The Reproductive Parity Act, a controversial bill that would require insurance plans that cover live births to also cover abortions, was passed by the state House of Representatives on Feb. 15 after heated debate from both sides of the issue.
The 53-43 vote was largely along party lines, with Rep. Chad Magendanz (R-Issaquah) as the sole Republican who voted in favor of the measure and Rep. Roger Freeman (D-Federal Way) as the only Democrat who dissented.
Proponents of the bill are concerned that, once certain parts of the federal Affordable Care Act go into effect in January 2014, insurance carriers in Washington that currently cover abortions may raise premiums or stop covering the procedure entirely.
"We've gotta act now if we want to make sure that women are going to be able to maintain these choices," Rep. Laurie Jinkins (D-Tacoma) said during the House session Friday.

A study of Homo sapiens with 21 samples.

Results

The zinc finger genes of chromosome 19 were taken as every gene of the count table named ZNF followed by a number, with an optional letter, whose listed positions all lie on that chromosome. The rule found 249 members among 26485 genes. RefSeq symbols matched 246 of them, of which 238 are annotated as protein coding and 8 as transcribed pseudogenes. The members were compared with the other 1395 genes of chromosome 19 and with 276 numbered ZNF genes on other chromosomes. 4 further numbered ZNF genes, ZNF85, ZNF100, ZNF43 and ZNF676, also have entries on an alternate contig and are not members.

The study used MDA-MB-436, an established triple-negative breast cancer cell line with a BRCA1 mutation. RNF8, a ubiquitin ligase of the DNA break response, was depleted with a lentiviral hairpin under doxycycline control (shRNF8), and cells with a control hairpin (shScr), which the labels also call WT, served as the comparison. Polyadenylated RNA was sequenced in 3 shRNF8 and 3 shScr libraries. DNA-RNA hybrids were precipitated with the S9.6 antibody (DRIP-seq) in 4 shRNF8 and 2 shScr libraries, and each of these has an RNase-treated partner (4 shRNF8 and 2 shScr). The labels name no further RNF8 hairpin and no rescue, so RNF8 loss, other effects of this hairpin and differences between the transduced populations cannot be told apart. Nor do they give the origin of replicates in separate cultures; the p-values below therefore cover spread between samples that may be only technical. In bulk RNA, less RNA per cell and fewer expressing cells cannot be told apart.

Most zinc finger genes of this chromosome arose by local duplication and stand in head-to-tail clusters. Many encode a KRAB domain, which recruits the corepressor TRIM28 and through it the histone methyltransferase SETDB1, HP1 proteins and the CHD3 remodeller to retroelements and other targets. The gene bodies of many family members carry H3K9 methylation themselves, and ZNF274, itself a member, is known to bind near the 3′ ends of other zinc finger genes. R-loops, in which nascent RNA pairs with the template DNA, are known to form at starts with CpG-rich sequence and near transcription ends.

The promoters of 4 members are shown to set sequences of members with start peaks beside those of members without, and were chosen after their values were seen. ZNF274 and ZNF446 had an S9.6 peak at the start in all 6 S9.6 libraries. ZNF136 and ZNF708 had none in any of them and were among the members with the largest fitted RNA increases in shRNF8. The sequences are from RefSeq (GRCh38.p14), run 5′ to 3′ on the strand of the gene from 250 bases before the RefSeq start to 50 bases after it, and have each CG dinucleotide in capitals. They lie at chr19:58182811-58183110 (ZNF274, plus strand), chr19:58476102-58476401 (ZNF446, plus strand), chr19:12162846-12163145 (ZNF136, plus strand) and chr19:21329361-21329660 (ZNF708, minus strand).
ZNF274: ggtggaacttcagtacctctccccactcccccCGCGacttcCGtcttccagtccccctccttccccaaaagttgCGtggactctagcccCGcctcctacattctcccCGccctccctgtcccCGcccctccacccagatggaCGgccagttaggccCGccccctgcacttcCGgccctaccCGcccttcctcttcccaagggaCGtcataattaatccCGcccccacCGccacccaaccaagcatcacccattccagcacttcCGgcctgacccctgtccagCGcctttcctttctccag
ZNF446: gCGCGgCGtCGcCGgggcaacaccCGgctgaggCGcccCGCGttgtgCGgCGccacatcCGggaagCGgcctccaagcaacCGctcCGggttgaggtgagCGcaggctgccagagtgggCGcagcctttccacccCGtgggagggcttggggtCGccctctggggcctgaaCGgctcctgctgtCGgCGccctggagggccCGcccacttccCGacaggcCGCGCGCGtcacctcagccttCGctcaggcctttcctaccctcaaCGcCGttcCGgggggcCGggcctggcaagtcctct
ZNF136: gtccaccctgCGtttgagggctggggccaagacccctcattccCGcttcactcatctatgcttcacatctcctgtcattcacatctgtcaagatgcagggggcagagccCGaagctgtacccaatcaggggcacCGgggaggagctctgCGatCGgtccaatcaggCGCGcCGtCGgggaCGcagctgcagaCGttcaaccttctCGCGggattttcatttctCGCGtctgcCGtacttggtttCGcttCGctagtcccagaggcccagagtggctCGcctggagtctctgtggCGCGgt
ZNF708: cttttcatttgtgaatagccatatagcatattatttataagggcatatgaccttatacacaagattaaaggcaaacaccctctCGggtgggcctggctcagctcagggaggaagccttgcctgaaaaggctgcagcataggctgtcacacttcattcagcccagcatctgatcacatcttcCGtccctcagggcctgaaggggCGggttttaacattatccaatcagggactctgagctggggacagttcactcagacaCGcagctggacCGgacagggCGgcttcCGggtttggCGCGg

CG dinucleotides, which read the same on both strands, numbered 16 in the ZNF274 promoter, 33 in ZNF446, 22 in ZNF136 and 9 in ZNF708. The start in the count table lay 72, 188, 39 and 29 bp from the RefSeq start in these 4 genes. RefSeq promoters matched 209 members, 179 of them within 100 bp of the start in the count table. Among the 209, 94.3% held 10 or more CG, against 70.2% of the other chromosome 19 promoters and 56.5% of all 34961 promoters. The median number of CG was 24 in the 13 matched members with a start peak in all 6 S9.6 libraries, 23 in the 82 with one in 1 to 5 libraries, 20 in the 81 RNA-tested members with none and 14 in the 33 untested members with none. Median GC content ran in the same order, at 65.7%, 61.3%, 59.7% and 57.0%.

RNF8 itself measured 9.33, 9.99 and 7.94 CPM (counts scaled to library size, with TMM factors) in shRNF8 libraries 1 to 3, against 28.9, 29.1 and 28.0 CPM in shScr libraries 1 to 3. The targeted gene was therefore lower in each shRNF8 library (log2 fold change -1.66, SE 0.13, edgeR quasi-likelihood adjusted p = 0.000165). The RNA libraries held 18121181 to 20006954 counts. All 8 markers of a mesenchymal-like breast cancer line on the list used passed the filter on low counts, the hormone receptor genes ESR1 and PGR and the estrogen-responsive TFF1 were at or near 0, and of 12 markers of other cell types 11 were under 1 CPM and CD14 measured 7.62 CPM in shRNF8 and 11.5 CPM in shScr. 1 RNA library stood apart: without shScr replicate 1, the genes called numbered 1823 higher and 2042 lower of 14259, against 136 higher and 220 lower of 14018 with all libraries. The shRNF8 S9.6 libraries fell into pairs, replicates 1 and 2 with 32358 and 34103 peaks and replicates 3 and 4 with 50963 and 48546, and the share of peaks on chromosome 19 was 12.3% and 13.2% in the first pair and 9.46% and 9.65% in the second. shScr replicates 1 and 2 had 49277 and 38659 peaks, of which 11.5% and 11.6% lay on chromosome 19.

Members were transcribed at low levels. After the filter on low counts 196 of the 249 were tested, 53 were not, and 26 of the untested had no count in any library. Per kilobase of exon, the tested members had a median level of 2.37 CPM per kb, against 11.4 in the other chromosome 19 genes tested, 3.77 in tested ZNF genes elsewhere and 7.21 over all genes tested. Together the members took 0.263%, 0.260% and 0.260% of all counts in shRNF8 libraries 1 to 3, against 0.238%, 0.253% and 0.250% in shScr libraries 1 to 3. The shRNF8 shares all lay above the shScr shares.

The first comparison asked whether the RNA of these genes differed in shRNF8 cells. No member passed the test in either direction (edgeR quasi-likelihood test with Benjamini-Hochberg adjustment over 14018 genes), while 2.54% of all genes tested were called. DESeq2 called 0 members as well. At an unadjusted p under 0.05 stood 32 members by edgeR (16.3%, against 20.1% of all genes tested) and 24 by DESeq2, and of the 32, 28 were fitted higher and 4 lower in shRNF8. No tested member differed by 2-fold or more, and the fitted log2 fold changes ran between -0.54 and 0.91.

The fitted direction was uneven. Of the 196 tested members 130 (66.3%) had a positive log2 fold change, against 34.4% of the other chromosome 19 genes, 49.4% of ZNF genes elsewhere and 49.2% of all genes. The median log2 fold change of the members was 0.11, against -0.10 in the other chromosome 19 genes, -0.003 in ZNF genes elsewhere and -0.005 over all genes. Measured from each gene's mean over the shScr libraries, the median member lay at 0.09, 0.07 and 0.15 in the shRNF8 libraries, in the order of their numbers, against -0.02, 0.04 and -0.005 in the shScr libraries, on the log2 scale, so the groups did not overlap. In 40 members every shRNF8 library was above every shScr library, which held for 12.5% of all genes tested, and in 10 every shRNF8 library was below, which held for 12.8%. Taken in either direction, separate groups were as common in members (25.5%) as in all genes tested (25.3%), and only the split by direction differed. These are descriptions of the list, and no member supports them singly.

Rep. Norma Smith (R-Oak Harbor) spoke passionately against the bill, arguing that it forces individuals who are morally opposed to abortion to pay for coverage they don't want. Smith said that, rather than ensuring choice, the bill removes the option to not have abortion coverage.
"I want the choice to have a carrier that may align themselves with my core values," she said.
In a press release Gov. Jay Inslee, a Democrat, praised the House for passing the bill:
"Today's vote in the House is a big step forward in guaranteeing women’s access to a full range of reproductive health care services."
Exemptions in the bill allow religious organizations to not cover the procedure, but some have argued the exemptions aren't strong enough. An amendment offered by Rep. Jay Rodne (R-Issaquah) intended to bolster those protections.
A similar amendment by the bill's prime sponsor, Rep. Eileen Cody (D-Shorewood), contains strengthened religious protections as well as requirements that an insurance carrier must notify subscribers about coverage it opts not to offer.
Both amendments passed.
Federal funds cannot by law be used to fund abortions; a federally regulated health plan that would not cover abortions is slated to start in January 2017.
The bill, designated EHB 1044, next goes to the Senate for consideration. Its Senate companion bill, SB 5798, did not get a hearing before the Legislature's policy cutoff date, but had 23 co-sponsors from the 49 total Senate membership, two shy of a majority, which would be needed to approve such a measure.